In June, I was in Boston for Virtualization Field Day 5, which was an amazing event. The sponsor presentations are usually awesome. The next best thing about Tech Field Day events is the conversations that you have with other delegates between the presentations. On one trip, Stephen Foskett wondered why none of the hyperconverged vendors has converged networking. All of the hyperconverged vendors use physical Ethernet switches. I spent the next half hour talking with Chris Marget about what the requirements might be and what networking technology might be used.
As we know, hyperconverged places storage and compute into each node, then builds both storage and compute clusters by joining nodes. The VMs that these solutions are designed to deliver consume four food groups of resources: CPU, RAM, disk, and network. Current hyperconverged solutions converge the first three. They rely on external devices to deliver the fourth. While it’s not mandatory, it is usual for the storage network to be a couple of 10 GB Ethernet switches.
The questions that Chris and I explored are: “How would you converge the network into the hyperconverged nodes? In particular, could you build a network between the nodes that would be used for all of the storage traffic between the nodes?” This is the largest network load in hyperconverged, replicating written data and fetching non-local reads. An existing network for VM and management traffic would be OK. The hyperconverged cluster traffic should be separated. I would consider the cluster network to be converged if the cables just went from node to node—no external switches or concentrators. The most obvious way to do this is with a mesh network. Each node would connect directly to every other node. The problem is that to mesh the network, you would need a cable from each node to every other node. Not a big problem with four nodes (six cables), but a real issue with a 64-node cluster (2,016 cables).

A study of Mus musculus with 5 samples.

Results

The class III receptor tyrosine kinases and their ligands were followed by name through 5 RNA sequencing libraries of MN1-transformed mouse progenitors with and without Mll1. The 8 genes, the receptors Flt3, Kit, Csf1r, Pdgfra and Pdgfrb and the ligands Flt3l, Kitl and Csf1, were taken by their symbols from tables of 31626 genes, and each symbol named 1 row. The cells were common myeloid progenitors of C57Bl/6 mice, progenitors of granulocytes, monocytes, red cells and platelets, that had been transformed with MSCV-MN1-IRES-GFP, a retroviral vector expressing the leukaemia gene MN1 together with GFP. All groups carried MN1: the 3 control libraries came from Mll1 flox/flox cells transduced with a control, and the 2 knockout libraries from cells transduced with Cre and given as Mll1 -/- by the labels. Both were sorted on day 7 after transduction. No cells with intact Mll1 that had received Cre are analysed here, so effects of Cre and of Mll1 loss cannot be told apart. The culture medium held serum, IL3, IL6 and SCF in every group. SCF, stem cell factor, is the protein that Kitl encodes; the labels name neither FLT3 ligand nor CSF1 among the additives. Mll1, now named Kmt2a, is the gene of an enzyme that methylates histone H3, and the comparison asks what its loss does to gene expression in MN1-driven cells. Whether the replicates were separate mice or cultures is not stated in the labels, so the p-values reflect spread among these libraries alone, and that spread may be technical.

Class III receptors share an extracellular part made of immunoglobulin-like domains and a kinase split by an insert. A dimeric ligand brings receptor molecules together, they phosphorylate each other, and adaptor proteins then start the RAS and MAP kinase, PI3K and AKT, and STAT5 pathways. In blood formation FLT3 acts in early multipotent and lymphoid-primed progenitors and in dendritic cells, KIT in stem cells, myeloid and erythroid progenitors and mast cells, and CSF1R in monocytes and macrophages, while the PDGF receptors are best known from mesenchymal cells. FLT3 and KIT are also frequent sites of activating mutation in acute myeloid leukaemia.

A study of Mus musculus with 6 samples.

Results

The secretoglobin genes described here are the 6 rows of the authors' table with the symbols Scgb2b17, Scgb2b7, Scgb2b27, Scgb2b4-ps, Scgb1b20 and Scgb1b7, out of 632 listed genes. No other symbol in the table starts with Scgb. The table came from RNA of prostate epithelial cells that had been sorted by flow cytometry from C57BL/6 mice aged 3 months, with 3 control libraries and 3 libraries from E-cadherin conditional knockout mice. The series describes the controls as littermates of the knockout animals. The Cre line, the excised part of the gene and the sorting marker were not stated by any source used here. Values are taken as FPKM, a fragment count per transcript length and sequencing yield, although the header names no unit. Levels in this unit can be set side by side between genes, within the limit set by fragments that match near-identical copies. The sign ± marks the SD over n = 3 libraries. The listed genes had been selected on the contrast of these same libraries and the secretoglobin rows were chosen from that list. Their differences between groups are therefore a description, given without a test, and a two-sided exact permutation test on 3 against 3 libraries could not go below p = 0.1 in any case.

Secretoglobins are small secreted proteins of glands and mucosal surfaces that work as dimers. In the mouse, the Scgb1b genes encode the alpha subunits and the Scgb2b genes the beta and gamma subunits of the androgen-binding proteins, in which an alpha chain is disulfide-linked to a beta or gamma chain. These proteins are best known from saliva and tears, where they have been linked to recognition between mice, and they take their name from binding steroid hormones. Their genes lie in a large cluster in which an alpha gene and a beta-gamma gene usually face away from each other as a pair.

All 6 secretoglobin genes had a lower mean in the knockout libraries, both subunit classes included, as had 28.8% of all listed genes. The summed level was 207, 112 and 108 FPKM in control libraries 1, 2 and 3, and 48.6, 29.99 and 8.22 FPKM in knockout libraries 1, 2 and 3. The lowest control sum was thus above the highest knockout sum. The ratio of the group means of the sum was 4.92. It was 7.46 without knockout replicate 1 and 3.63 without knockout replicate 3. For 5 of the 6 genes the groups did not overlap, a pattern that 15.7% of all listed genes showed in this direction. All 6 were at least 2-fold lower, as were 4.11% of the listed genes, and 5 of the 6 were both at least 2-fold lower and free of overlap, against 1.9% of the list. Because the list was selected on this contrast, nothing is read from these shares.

The other alternative is a loop cabling architecture. Each node connects to the next, and the last node connects back to the first to form a loop. I would go with a dual loop design for redundancy and so that expanding one loop doesn’t cause the whole network to stop. I’m also thinking more of FDDI loops than of token ring loops—node to node, without central switches.
This is where it got very interesting: Chris told me about Plexxi. Plexxi has interesting networking technology that uses passive optical interconnects. It allows every node to be one hop from every other node, without a sea of cables. Given that the interconnects are passive, I would guess that node to node cabling is probably also possible. What if this technology were integrated into the hyperconverged nodes in place of 10 GbE? Your hyperconverged cluster wouldn’t need 10 GbE switches, just optical cables looping. It does look like you could attach a router to the Plexxi network to get VM and management traffic, removing the need for 1 GbE to each node. Even more interesting is Plexxi’s technology to deliver the same layer 2 networks over a 100 km fiber to a remote data centre. This would be an immediate enabler for a metro cluster environment: a hyperconverged platform with an inherent ability to provide active/active clustering across data centres; live VM migration between data centres and HA between them.
Does it make sense to further converge the network within a hyperconverged solution? I suspect not. While 10 GbE switch ports are not cheap, they aren’t a huge part of your hyperconverged infrastructure cost. The network is still converged compared to using Fibre Channel for storage and Ethernet for VMs and management. For customers who want to minimize cabling, a hyperconverged node can work with three network cables (two 10 GbE plus 100 MbE for out-of-band management) and two power cables. Reducing the cables to two optical plus power isn’t a huge savings. Interesting discussions are educational, but not every one leads to a breakthrough.